Innovation is a Contact Sport!

Three weeks ago, we introduced our model for viewing innovation from a team and organization perspective.  The model, which we call the “Innovation Field,” is described in our bestselling book, The Seeds of Innovation.  The empirically-based Innovation Field incorporates eight key areas or “elements” that, together, create a systematic and systemic view of how to create, improve upon, and sustain the conditions for innovation.


Let’s now take a look at the seventh and eighth element of the model:

7) Innovation Rewards and Recognition

8) External Stakeholder Innovation

Innovation Reward and Recognition:
We believe that innovation transcends all elements of an organization and, therefore, is not a sole responsibility of any single function or area. On the contrary, it is everyone’s responsibility to identify and implement continuous innovation. Innovation should be clearly described as a specific objective in everyone’s performance objectives. Further, in our view, innovation efforts should be recognized and rewarded as a means of stimulating an innovation culture throughout the organization.  A team should review how it is evaluating and rewarding both individual and group innovation efforts. A
nd remember, in the final analysis, innovation is a contact sport!


External Stakeholder Innovation:
Our definition of “external stakeholders” includes customers, suppliers, regulatory agencies, and other partners.  Indeed, our broad definition also includes competitors!  To be sure, no organization stands alone. Every organization is part of a complex web of interdependencies with each entity ultimately reliant on the others for survival and success.  Great ideas will come from knowing how this web operates and how your organizational group or function best operates within it.  Great ideas also will come from knowing your business, your customers, and your competition. Every organization must tap the external marketplace in order to identify valuable ideas that fit the needs of the organization and that can help keep the organization “ahead of the wave.” All too often, organizational groups rely primarily on ideas generated inside the organization, instead of capitalizing on ideas from both inside and outside the organization.  A team should evaluate how it is sharing its innovation strategy with its partners, as well as how it is encouraging and rewarding its partners for sharing ideas.  Again, remember that innovation is a contact sport!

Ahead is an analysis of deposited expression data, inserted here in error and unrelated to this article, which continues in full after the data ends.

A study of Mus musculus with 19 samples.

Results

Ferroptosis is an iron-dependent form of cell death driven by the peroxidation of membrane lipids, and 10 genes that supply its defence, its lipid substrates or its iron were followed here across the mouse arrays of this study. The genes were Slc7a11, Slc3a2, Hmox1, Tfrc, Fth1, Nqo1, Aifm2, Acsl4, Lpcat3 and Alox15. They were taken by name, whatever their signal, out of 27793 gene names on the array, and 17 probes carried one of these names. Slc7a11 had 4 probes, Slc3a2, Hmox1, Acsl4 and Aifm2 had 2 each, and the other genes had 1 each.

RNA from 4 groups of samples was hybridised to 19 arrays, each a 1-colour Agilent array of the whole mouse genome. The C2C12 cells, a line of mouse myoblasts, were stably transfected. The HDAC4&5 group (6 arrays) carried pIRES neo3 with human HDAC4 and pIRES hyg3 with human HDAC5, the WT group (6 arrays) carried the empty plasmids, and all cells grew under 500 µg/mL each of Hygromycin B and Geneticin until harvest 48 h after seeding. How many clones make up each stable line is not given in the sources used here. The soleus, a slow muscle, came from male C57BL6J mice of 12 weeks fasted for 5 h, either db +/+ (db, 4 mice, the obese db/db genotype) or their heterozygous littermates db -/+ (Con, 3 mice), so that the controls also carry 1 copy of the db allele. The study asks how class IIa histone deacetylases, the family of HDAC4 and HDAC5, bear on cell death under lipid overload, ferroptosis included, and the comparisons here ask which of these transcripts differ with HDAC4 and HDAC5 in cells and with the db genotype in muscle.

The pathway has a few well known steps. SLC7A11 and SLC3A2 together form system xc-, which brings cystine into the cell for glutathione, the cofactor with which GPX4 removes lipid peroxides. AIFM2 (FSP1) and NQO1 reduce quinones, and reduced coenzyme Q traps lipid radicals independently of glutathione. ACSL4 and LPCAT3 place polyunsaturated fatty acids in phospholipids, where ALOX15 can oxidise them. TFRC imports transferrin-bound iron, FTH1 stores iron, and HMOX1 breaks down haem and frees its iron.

Are you Innovating with Meaning by utilizing Innovation Rewards and Recognition and maximizing the use of External Stakeholder Innovation?

Blog Co-Authors:

Dr. Alex Pattakos is the author of Prisoners of Our Thoughts ( and Elaine Dundon is author of The Seeds of Innovation (  They are co-authors of Innovating with Meaning (forthcoming).

About the author

A proud Greek-American (of Cretan heritage), Alex Pattakos Ph.D., has been described as a “Modern-Day Greek Philosopher.” Also nicknamed "Dr. Meaning," he is focused on bringing meaning to work, the workplace, and into everyday life.